Gardaí have described as “very significant” the arrest of a man in connection with the murder of Detective Garda Adrian Donohoe in a botched robbery in rural Co Louth over eight years ago.
The man, long identified as a key suspect, is the third person to be arrested in relation to the fatal shooting of the detective at Lordship Credit Union on January 25, 2013.
The arrest of the 32-year-old, who lives near Ravensdale, north of Dundalk, comes over two years after the previous arrests. Sources believe he will not be the last.
Charges have been brought against one member of the five-person gang involved in the robbery to date. Aaron Brady, from Crossmaglen, Co Armagh, was sentenced to 40 years last October for the capital murder of Det Garda Donohoe.
That sentence came after what was the longest criminal trial in Ireland’s history.
Det Garda Donohoe, a father of two, was shot in the head, as soon as he exited his car, by Brady. The shooting was described by trial judge Mr Justice Michael White as giving the garda “no chance”.
Brady, along with a man known to two brothers, also key suspects in the murder investigation, were arrested in February 2018.
The latest arrest was described by various sources as “very significant” and one which the investigating team based in Dundalk have been working a long time towards.
“To get it to this stage of making the arrest is huge,” said one source. “He will be questioned at length on aspects of his involvement and the evidence put to him and we'll see how it pans out.”
The man was arrested for murder with a firearm in relation to the capital murder and detained under section 50 of the Criminal Justice Act 2007.
This allows for a maximum period of seven days in detention, on foot of two applications to the courts.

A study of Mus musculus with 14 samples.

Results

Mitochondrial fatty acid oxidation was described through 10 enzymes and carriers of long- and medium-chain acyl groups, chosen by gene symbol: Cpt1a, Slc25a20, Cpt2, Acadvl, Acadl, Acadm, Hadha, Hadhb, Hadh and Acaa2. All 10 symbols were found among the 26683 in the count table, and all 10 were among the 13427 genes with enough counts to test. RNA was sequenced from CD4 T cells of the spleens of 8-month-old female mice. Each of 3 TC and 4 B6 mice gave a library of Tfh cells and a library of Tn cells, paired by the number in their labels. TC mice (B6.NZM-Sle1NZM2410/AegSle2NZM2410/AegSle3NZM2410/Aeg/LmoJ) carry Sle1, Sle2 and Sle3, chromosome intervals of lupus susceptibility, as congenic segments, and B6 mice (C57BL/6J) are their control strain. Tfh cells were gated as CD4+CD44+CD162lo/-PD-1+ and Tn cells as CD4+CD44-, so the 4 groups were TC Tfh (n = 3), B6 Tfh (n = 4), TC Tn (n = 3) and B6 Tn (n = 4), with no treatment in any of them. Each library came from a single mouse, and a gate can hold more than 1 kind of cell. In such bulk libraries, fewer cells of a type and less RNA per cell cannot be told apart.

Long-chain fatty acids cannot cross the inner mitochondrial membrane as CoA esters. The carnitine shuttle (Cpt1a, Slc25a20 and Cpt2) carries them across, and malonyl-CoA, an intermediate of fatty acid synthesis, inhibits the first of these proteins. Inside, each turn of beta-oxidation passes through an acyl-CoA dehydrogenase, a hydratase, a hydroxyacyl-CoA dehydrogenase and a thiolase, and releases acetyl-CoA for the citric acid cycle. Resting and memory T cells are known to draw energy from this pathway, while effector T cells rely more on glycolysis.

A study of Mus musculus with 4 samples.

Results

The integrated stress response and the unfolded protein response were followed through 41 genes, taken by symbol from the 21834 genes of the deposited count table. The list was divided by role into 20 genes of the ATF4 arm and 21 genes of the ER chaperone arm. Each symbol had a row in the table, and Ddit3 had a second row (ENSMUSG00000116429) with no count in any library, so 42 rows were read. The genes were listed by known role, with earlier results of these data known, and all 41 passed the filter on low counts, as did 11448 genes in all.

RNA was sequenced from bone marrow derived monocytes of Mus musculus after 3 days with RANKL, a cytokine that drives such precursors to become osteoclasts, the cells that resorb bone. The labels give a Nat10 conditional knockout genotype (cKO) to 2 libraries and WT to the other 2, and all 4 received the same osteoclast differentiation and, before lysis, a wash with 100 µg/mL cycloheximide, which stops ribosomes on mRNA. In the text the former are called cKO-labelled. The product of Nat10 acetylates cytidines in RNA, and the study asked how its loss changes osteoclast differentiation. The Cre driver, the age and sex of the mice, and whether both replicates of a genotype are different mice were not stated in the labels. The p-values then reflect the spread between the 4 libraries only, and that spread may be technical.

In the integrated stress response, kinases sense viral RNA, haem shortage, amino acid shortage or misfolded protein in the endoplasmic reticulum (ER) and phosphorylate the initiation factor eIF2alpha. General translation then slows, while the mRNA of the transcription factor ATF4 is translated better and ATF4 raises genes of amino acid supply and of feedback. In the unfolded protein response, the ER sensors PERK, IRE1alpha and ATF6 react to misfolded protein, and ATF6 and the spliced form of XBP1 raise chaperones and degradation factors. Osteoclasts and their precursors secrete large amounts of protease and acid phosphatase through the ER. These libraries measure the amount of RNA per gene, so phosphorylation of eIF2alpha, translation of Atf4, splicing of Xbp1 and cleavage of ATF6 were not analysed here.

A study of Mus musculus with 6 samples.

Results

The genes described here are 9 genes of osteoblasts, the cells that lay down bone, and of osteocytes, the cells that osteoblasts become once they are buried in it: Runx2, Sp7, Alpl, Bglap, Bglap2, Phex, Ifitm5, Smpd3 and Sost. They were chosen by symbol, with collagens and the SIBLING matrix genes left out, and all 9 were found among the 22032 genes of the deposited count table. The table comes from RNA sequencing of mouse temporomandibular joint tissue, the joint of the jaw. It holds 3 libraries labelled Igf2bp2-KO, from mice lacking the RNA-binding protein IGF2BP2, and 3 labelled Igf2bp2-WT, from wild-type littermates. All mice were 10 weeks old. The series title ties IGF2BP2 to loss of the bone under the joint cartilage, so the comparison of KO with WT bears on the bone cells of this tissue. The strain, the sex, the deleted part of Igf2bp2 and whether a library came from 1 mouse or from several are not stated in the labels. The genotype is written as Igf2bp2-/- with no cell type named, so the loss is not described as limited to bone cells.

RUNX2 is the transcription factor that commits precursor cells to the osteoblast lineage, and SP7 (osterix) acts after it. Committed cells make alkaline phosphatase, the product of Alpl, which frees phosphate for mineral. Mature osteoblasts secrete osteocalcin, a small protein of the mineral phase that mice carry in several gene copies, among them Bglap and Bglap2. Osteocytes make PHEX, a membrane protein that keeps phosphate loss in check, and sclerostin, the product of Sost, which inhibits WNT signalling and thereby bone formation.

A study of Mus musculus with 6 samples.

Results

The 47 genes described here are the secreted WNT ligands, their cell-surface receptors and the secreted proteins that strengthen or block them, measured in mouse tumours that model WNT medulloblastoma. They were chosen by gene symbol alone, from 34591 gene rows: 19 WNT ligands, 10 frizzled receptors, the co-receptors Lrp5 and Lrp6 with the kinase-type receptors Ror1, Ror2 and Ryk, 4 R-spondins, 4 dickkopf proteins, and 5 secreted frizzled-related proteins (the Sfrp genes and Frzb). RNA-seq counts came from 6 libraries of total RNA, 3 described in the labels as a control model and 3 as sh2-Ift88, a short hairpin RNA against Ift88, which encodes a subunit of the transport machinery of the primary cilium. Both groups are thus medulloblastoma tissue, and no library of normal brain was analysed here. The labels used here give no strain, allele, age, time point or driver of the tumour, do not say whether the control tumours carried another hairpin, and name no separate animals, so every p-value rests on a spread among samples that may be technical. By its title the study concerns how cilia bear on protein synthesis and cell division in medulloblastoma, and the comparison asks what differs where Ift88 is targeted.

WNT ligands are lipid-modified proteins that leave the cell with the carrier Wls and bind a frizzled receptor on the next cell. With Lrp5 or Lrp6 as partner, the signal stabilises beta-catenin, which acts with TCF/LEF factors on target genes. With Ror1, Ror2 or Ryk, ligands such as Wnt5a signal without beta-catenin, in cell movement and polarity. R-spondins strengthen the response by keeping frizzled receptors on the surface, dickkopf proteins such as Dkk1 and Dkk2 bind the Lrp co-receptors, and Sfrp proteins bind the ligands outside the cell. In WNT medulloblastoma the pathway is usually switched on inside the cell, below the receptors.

Gardaí made use of the full detention period in their questioning of Brady and sources expect the latest arrest will continue at least for a few days, if not longer.
Sources said that although one person fired the shot that killed Det Garda Donohoe, all five were part of a “joint enterprise” and that possible charges could include murder or conspiracy to murder.
Brady fled to the US shortly after the murder. He was extradited back to Ireland in 2017 after overstaying his US visa following an investigation involving US Homeland Security, other agencies, and gardaí.
Two other members of the gang, brothers, also moved to the US. One of them has returned to the North after someone known to him was extradited back to Ireland on a separate matter. His brother remains in the US.
Garda sources said they were “committed to getting them all” before the courts, but they caution it is up to the DPP to determine if there is sufficient evidence to support a prosecution.
Separate to the murder probe, seven people, including Brady, have been arrested in an investigation into intimidation of witnesses in the murder trial.
That inquiry, conducted by the National Bureau of Criminal Investigation, has not yet resulted in any charges, but sources suspect there will be.